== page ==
UNESCO declares reggae a global cultural treasure

Jamaica, where the sound first gave a voice to the oppressed and the hopeful, applied to add reggae to Unesco’s list of the intangible cultural heritage of humanity, and the genre received the honor on Thursday, along with several other new additions.

Unlike Unesco’s World Heritage List, which includes sites considered important to humanity like the pyramids of Giza in Egypt or the Taj Mahal in India, the Representative List of the Intangible Cultural Heritage of Humanity documents elements and practices of different cultures that are deserving of recognition. Another, Unesco’s Intangible Cultural Heritage in Need of Urgent Safeguarding, includes endangered elements of a culture that are at risk of fading away.

Reggae, which rose to prominence in the 1960s, often celebrates Jah, or God; ganja, or marijuana; and Ras Tafari, also known as Haile Selassie, the former Ethiopian emperor, whom Rastafarians revere as the messiah. It is also meant to put listeners in a calm groove.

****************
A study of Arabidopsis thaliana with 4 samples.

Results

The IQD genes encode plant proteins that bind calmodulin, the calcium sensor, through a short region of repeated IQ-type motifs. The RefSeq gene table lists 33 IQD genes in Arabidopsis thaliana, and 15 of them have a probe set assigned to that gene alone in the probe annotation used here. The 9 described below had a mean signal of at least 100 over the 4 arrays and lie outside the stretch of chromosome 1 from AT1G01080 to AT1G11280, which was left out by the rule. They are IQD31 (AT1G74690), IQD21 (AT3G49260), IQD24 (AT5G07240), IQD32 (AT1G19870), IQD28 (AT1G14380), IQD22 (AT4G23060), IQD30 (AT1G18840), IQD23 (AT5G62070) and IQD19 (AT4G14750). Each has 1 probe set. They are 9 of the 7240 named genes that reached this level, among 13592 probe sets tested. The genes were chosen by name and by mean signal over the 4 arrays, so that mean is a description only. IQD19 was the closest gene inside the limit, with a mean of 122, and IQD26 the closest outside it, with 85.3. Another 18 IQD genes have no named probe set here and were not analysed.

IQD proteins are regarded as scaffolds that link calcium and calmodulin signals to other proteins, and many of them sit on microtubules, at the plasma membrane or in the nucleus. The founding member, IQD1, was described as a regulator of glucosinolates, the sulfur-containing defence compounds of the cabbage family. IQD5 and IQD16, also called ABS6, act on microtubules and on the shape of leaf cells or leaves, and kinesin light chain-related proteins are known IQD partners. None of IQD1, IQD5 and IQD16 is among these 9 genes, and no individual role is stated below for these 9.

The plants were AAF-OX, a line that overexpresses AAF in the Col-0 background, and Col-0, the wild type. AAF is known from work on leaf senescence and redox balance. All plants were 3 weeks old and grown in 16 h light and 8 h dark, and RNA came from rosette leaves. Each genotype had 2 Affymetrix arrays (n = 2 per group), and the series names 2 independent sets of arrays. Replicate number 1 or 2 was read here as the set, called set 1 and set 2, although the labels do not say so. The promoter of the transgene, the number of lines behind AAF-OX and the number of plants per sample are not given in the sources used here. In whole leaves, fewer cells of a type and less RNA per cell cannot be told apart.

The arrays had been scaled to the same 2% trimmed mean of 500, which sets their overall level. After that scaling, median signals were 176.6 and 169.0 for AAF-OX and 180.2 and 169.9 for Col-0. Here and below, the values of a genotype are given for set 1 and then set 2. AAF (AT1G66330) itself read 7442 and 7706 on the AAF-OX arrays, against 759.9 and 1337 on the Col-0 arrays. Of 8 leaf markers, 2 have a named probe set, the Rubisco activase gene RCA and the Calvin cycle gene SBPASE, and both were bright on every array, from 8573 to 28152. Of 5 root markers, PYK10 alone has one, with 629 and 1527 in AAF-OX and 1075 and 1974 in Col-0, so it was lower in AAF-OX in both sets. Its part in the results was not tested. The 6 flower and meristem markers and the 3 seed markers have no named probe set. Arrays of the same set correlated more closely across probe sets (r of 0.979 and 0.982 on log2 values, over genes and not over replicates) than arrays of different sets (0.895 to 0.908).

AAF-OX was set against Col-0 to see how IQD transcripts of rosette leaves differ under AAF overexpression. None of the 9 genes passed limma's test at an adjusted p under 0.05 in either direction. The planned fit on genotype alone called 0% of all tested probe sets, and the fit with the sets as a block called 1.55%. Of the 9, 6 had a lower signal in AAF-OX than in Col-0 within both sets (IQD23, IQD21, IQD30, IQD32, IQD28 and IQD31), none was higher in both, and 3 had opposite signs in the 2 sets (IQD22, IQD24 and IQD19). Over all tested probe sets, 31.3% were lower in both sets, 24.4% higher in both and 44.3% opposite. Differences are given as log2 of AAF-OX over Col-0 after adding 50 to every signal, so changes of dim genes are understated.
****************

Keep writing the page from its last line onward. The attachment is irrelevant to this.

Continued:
As the sound bridged continents and gave the disparaged a way to heal and sing, it inspired many other genres, including dancehall; reggaeton, which is popular in Latin America, Puerto Rico and the Dominican Republic; and reggae fusion, which includes elements of jazz, hip-hop or pop and is popular in the United States and Europe.Reggae has also been a pillar in the foundation of hip-hop. Songs like “Bam Bam” have been sampled countless timesby artists including Jay-Z, Kanye West and Lauryn Hill.

Jamaica hoped to protect this facet of its rich culture by having radio stations that continuously play reggae and interview people in the world of the genre. It is also mounting public exhibitions and presentations on reggae music in museums and will celebrate Reggae Month in February, the birth month of Bob Marley.